The Advertising Standards Authority’s ‘Big 5’

27 June, 2013
Copyright - Advertising Standards Agency

Copyright – Advertising Standards Authority

The Advertising Standards Authority (ASA) has published its 2012 Annual Report outlining its activities over the past year and its focus going forward.

At the heart of the report, the ASA sets out the ‘Big 5’ priorities on which it intends to focus over the coming year, all of which concern misleading advertising in one form or another. The focus on misleading advertising is not surprising given that approximately 70% of all the cases which the ASA dealt with in 2012 concerned misleading advertising.

The ‘Big 5’ concerns are:

1. Free trials

Many online businesses are picking up on the practice of luring customers into signing up to a (usually one month) free trial which, if the customer does not cancel, automatically becomes a monthly service.

ASA made it clear that they are alert to this practice, however, they did not say what action they are taking against it. Their recommendation is for consumers to read all small print carefully before handing over payment. Therefore, businesses should be weary when employing this type of sales technique and note that it is best practice to clearly bring your terms and conditions of sale to the buyer’s attention prior to them signing up to the free trial.

2. Daily deals

Daily deal websites are becoming more and more popular amongst the last-minute shopper. Websites and apps such as Groupon all offer last-minute deals to the impulsive shopper. However, ASA has reported that there are “widespread problems” such as:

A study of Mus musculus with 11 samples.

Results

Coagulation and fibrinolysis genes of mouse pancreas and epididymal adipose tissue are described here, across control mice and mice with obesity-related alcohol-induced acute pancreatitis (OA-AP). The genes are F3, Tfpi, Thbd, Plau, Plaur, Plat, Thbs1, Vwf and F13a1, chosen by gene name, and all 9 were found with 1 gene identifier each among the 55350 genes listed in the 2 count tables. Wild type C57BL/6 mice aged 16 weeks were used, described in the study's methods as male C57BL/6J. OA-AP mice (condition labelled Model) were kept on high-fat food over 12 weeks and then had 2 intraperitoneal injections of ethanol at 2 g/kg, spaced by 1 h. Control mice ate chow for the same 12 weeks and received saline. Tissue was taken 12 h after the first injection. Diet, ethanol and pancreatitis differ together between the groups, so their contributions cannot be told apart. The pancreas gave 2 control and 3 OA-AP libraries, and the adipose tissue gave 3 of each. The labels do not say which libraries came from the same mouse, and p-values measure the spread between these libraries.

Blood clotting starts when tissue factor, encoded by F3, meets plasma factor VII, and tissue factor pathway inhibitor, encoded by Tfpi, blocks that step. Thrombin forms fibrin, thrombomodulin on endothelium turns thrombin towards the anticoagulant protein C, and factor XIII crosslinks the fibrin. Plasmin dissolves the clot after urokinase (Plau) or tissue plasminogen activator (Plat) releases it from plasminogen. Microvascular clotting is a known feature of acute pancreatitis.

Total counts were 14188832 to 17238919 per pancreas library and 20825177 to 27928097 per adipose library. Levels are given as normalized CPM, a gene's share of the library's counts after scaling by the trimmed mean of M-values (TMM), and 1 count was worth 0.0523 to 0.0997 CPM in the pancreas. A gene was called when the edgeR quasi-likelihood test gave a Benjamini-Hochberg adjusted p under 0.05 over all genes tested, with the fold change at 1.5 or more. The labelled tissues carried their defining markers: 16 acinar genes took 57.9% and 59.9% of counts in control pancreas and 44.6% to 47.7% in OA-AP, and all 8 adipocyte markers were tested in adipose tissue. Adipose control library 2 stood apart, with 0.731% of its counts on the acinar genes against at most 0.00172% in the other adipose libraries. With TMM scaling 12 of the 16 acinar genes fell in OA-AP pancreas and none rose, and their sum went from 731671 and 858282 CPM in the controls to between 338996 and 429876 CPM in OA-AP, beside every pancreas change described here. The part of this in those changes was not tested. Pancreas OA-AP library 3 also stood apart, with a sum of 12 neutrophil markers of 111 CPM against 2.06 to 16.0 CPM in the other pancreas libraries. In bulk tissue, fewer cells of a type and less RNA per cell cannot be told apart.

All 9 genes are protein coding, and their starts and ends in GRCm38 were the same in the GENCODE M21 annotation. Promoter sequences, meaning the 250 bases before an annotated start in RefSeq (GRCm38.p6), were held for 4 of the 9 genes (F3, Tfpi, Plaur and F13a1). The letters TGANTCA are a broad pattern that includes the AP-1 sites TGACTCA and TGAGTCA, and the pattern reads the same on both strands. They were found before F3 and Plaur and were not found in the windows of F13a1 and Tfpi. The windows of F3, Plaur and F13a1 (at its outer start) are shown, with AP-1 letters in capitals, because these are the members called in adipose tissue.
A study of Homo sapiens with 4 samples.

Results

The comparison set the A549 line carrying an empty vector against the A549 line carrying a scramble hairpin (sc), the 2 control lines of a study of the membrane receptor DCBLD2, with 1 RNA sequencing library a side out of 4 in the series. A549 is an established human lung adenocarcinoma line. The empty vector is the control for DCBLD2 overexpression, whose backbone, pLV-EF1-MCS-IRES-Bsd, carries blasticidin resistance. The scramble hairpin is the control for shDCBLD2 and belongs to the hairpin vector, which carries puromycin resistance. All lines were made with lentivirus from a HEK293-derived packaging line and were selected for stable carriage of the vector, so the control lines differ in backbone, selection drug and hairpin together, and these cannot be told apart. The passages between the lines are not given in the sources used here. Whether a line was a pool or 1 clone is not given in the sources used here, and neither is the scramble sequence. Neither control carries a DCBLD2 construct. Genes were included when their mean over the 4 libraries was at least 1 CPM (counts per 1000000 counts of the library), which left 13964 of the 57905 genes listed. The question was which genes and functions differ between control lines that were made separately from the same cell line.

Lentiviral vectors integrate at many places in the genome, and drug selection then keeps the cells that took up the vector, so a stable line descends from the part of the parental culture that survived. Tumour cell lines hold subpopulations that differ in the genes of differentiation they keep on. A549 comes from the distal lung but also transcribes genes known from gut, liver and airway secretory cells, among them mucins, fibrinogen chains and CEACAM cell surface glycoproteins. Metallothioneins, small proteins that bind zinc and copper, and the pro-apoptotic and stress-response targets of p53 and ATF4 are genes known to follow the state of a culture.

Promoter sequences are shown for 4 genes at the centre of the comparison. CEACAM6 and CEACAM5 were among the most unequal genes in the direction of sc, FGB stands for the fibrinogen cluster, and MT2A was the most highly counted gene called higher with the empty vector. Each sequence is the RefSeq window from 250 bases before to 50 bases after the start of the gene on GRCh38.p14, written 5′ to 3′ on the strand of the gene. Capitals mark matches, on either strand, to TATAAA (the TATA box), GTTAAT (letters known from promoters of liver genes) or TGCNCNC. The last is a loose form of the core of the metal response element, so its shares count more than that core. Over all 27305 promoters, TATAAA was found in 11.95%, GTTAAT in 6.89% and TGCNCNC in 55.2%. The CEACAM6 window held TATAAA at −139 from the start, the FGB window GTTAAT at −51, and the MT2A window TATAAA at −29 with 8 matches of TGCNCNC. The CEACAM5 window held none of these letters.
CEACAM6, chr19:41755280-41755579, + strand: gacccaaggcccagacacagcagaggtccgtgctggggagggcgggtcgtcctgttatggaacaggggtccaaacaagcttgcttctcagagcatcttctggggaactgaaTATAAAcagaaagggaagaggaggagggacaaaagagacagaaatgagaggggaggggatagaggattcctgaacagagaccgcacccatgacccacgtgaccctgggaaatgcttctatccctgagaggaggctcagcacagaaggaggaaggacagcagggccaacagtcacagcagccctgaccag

• failing to conduct promotions fairly;
  • not making clear significant terms and conditions;
  • failing to provide evidence that offers were available; and
  • making exaggerated savings claims.

ASA explains in its report that it has advised businesses on improving their internal processes and that it has received fewer complaints as a result. It would therefore be wise for businesses seeking to use daily deals as part of a marketing campaign to take note of the problems the ASA has highlighted above.

3. Misleading pricing

ASA has picked up on the selling of products using techniques such as ‘bait-pricing’, ‘drip-pricing’ and ‘partition pricing’ structures where subsequent charges are added to the original advertised price at later stages of the transaction.

An example they provide is the hotel that doesn’t include VAT in its room price. This is an obvious additional costs that is payable by all consumers.

Therefore, businesses are advised to be careful when using these methods as the ASA is making it clear that it will be monitoring them closely.

4. Misleading testimonials

ASA has requested that companies provide proof that the testimonials posted on their websites are genuine. Therefore, it is good practice to retain documentary evidence in relation to the source of any testimonials posted on your website.

Also considered misleading by ASA were the tweets of Wayne Rooney and Jack Wilshere:

The tweet from Wayne Rooney stated “My resolution – to start the year as a champion, and finish it as a champion…#makeitcount”.

The tweet from Jack Wilshere stated “In 2012, I will come back for my club – and be ready for my country.”.

They held that these were misleading insofar as readers were misled into believing that the tweets were from the footballers and not sponsored tweets and that there was nothing obvious in the tweets to indicate that they were Nike marketing communications. ASA indicated that by using #ad in the post the tweets would not have breached the Committee of Advertising Practice (CAP) Code.

5. Misleading health claims

If you are marketing a health product the ASA has made it clear that you must have evidence to back up any health improvement claims that you suggest the product features.

Handle with care…

The use of some of these advertising techniques is clearly of interest to businesses and marketers looking to advertise in fresh and different ways. The key for businesses to be sure that any such advertising is fair and honest and does not mislead the customer. The ASA is clearly keeping a watchful eye on these 5 areas of concern and therefore it is prudent for businesses to err on the side of caution when implementing any such marketing tools.